By Show and Tell
By Bree Davies
By Bree Davies
By Cory Casciato
By Emilie Johnson
By Robin Edwards
By Bree Davis
By Josiah M. Hesse
There are many, many ways for a production to be awful, and The Yiddish Are Coming,at the New Denver Civic Theatre, hits on just about all of them. It's a cheap little venture -- small cast, easy set and costumes, empty-headed concept -- put together for the sole purpose of making money. Just as Menopause the Musical was calculated to appeal to a specific market -- all those middle-aged women who like to congregate and kvetch about the change of life -- Yiddish is intended to attract Denver's sizable Jewish population for an evening of drinks, shmoozing and easy laughs at $34.50 a ticket. Naturally, you don't want to annoy that population with anything that might make them think, gasp or argue, so even though Jews actually live to argue (it's required of us by our G-d) and the Jewish community in most cities is roiling with emotion these days (if you're not Jewish and want to know what's going on, see Douglas Rushkoff's Nothing Sacred: The Truth About Judaismand Samuel G. Freedman Jew vs. Jew: The Struggle for the Soul of American Jewry), the jokes in this musical have to be tame.
Ruthless, an earlier work by authors Marvin Laird (music) and Joel Paley (book and lyrics), was quite outrageous, borrowing every kitschy, campy moment you've ever remembered from old plays and movies to hilarious effect, but here Laird and Paley have toned themselves down. Or did they eviscerate Yiddish, originally called Jewsical - the Chosen Musical, for us hicks in Denver? Whatever the reason, the piece feels amazingly old-fashioned. You could have shown this in the 1950s to an audience of geriatrics without causing offense.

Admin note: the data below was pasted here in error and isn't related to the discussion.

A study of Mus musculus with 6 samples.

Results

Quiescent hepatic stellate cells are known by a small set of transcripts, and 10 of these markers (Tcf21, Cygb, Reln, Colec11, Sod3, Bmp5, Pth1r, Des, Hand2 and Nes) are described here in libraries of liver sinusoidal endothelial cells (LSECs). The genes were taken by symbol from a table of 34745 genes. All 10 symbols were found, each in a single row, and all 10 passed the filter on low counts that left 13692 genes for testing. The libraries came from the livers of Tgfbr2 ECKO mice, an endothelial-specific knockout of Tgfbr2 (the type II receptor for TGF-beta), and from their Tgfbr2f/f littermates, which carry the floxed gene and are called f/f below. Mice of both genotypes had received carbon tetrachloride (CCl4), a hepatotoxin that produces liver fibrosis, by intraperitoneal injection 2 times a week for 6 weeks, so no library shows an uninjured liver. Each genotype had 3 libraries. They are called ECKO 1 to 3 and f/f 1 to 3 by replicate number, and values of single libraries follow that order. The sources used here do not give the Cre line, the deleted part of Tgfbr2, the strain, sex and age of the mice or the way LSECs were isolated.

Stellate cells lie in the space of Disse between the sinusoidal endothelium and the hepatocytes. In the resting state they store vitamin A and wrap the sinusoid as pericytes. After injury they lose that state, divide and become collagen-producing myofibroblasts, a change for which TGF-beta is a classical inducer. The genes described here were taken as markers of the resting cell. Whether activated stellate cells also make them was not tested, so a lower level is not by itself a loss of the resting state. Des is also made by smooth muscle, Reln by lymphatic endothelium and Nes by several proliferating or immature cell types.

The premise: Temple Ben Shtiller wants to win this year's Golden Tchotchke Award for the best performance by a synagogue, wresting the prize away from brash, conceited, nine-year winner Mitzi Katz. The members decide to hire professional help, and an out-of-work director named Christian Von Trapp is brought in -- with the proviso that he pass for Jewish. You might expect some culture-clash humor here, but it's hard to imagine that any New York City theater person isn't completely familiar with bagels and knishes. The plot is pretty undeveloped -- even for this kind of show -- and serves solely as the base for a slew of skits and allusions. Von Trapp whips everyone into shape for a series of songs that are actually full of rhythmic and melodic vitality and humor, but flattened by the kindergarten-level jokes of the lyrics. Okay, many Yiddish words are funny -- verklempt, shlemiel, plotz -- but tossed into the proceedings higgledy-piggledy, they're not nearly funny enough to carry the evening.
Any redeeming features? The music is lively, and the farcical tributes to other shows, from Fiddler on the Roof to The Producers, are amusing. The Vagina Monologuesbecomes "The Angina Monologues" and also "The Tuchus Dialogues"; A Chorus Line translates into "A Tsuris Line."
Although the cast members perform in that smiley, jumpy, overhyped, ubiquitous-in-musicals way that makes me want to scratch myself raw, they're talented. Carl Haan provides bright piano accompaniment, and A.C. Ciulla's choreography is slick, clean and fast. But the production values are sleazy. You can see mikes hanging off the performers' faces, and the overall sound is coarse and loud. In a more intimate setting, the silly jokes might seem sweet, but yelled into your face, they repel.